Scaling Agroforestry in Indonesia

Scaling Agroforestry in Indonesia

Indonesia - 26 November, 2023

In collaboration with the Embassy of the Netherlands, Tropenbos Indonesia (TI) and Tropenbos International (TBI) organized a workshop entitled “Scaling Agroforestry in Indonesia” in Jakarta, on 23rd November 2023. The workshop was organized in hybrid mode with more than 100 participants attending offline and online. They come from various backgrounds such as from the government agencies, NGOs/CSOs, private sector, and university and research organizations. Giving the opening speech was Joost van Uum, the Agriculture Counsellor of the Embassy of the Netherlands, Edi Purwanto, the Director of Tropenbos Indonesia and Joost van Montfort, the Director of Tropenbos International, while the keynote speech was given by the Director General of Social Forestry and Environmental Partnership (PSKL) Ministry of Environment and Forestry of Indonesia, Bambang Supriyanto.

The workshop has a goal to introduce, validate, and fine-tune the results of the agroforestry study commissioned by the Netherlands Embassy done recently by Tropenbos International and Tropenbos Indonesia. In the first session, Hery Santoso and Jinke van Dam represented researchers of the study presented results of the study, while Ai Farida gave presentation on a success story in agroforestry practice from Gula Gula project by CO2Operate and Rimbo Pangan Lestari (RPL). In the second session, Yayang Vionita from Verstegen and Marcha Adiwara from Forestwise presented the importance of collaboration and support from parties to increase the added value of agroforestry products which can provide welfare for the community and encourage people to protect forest. Meanwhile, presentation on the role of community practice was given by Meine van Noordwijk of Wageningen University. In between both sessions, participants attended group discussions where they could provide input and garnered some thoughts to enrich the study.


In his opening remarks, Director of Tropenbos Indonesia, Edi Purwanto stated that the study aims to explore and identify agroforestry upscaling challenges that hinder the adoption and scaling of agroforestry in Indonesia. The study report presents the identification of scaling up and solution pathways including enhancement of policies and governance, mobilizing business and markets, creating awareness and outreach, and capacity building. “Through this workshop, we aim to better integrate and connect all actors towards agroforestry improvements in knowledge, governance, market mobilization, regulation implementation and access to finance,” he said.

The involvement of stakeholders in promoting agroforestry practices is crucial in the scaling of agroforestry. Within the value chain, and through the enabling environment, a range of stakeholders have their own role to play. There have been some promising ‘flagship’ initiatives that have successfully increased the economic viability of sustainable agroforestry despite the remaining slow scaling practices. Yayang of Verstegen said, started in 2018 with only 1 ha of pepper agroforestry, it has scaled up to 30 farmers and target to more than 200 farmers in 2025. Support given to farmers include training, planting materials, and a link to financial support such as from Rabobank. The scale efforts, however, still face challenges such as high cost of investment in purchasing materials, complex system labour intensive, and uncertainty of incomes.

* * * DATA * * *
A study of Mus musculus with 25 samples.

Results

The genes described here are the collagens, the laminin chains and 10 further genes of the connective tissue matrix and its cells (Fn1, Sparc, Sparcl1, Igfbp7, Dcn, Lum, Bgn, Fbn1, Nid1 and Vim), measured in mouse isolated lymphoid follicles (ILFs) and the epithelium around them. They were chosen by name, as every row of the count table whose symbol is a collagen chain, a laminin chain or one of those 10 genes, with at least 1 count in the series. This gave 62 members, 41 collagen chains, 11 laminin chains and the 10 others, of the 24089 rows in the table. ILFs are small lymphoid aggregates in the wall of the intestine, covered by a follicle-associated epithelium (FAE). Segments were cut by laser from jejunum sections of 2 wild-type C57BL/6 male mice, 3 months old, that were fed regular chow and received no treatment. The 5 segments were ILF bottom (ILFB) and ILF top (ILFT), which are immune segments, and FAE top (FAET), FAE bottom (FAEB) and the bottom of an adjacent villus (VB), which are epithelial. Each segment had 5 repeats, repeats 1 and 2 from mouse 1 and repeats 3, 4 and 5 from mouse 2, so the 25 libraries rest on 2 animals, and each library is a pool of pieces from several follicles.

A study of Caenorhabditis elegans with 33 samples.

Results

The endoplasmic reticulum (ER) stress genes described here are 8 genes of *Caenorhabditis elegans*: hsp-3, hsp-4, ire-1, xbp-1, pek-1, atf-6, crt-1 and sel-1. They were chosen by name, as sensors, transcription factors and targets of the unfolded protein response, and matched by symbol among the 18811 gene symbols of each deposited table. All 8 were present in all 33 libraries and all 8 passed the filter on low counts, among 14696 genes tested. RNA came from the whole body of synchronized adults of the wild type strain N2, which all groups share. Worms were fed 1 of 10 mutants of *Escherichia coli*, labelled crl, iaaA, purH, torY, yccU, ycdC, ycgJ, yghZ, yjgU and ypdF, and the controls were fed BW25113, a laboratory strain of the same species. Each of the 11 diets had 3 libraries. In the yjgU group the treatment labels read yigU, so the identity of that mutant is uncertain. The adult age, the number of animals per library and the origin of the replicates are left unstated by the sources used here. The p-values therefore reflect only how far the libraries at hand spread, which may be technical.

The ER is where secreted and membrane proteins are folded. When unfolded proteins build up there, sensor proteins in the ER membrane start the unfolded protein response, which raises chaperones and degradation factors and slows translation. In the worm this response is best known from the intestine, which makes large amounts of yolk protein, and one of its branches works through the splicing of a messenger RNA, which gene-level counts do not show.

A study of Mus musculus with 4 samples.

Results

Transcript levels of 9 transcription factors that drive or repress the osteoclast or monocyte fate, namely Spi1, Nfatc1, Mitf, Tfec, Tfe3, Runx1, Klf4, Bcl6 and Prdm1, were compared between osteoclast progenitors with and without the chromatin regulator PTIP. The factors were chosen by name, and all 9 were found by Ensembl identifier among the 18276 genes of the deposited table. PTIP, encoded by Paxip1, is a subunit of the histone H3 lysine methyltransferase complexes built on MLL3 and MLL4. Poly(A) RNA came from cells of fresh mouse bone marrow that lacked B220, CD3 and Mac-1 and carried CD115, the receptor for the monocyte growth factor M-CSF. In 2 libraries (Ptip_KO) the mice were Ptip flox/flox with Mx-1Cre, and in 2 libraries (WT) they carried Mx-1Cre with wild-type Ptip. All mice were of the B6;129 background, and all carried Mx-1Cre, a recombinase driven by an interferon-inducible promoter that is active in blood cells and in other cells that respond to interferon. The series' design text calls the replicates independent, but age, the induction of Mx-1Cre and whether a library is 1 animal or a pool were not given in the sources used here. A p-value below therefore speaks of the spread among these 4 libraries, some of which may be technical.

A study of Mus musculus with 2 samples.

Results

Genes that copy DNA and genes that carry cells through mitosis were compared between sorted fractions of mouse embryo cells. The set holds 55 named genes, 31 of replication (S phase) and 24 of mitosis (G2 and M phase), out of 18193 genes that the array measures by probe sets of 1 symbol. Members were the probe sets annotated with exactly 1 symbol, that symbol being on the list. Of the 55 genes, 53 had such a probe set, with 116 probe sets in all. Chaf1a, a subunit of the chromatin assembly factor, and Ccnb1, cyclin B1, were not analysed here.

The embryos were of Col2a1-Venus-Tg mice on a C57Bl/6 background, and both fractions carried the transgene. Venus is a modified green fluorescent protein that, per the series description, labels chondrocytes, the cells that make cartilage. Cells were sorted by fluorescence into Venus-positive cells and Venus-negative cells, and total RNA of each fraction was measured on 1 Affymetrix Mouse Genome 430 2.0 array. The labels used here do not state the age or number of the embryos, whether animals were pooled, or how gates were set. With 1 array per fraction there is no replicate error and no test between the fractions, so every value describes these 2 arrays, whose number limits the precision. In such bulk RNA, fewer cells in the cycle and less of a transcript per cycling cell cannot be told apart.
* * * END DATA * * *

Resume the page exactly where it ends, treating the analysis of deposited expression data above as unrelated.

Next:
Another successful flagship initiative comes from Forestwise in Sintang, West Kalimantan. According to Marcha, as social environmental company, Forestwise creates forest values to empower local community and preserve the remaining forests. In the last years, biodiversity in Borneo disappears due to illegal logging, mining, and monoculture farming. “Forest is the community’s supermarket, we need to empower local community and improve the forest standing,” she said. Encouraging community to preserve forests can be done by creating values. Forestwise buys Illipe nuts collected from forest by the communities in competitive price, processing it to become butter, and sell it to big companies. With the significant family income, villagers willingly help the company to protect Illipe and securing forest areas. The company is now inviting more partners to work together since the investment in this area is not small.

This event is expected to become the first step towards strengthened collaboration and knowledge exchanges between stakeholders of agroforestry including potential future cooperation such as mentioned by Verstegen and Forestwise. Those can be achieved by identifying the needs in collaborative learning and knowledge to accelerate scaling and replication of flagship elements and to work collectively on further development and promotion of agroforestry in Indonesia. “It’s often that there is no link between stakeholders whereas they need to collaborate, for improvement of their products’ market, and to make agroforestry more attractive and inclusive including in the policy dialogue,” said Edi.


Agroforestry has been practiced for centuries in Indonesia and ranges from simple intercropping to complex integrated systems. Agroforestry practices offer a myriad of benefits, such as livelihood resilience, food security, carbon sequestration and biodiversity conservation. Despite the benefits and existing (policy) support for agroforestry, many agroforestry practices in Indonesia remain underdeveloped, limitedly spread, and even abandoned in favour of monoculture land uses, which is considered more profitable. Collaborative effort is in need to put forward scaling agroforestry and to promote agroforestry more into practice.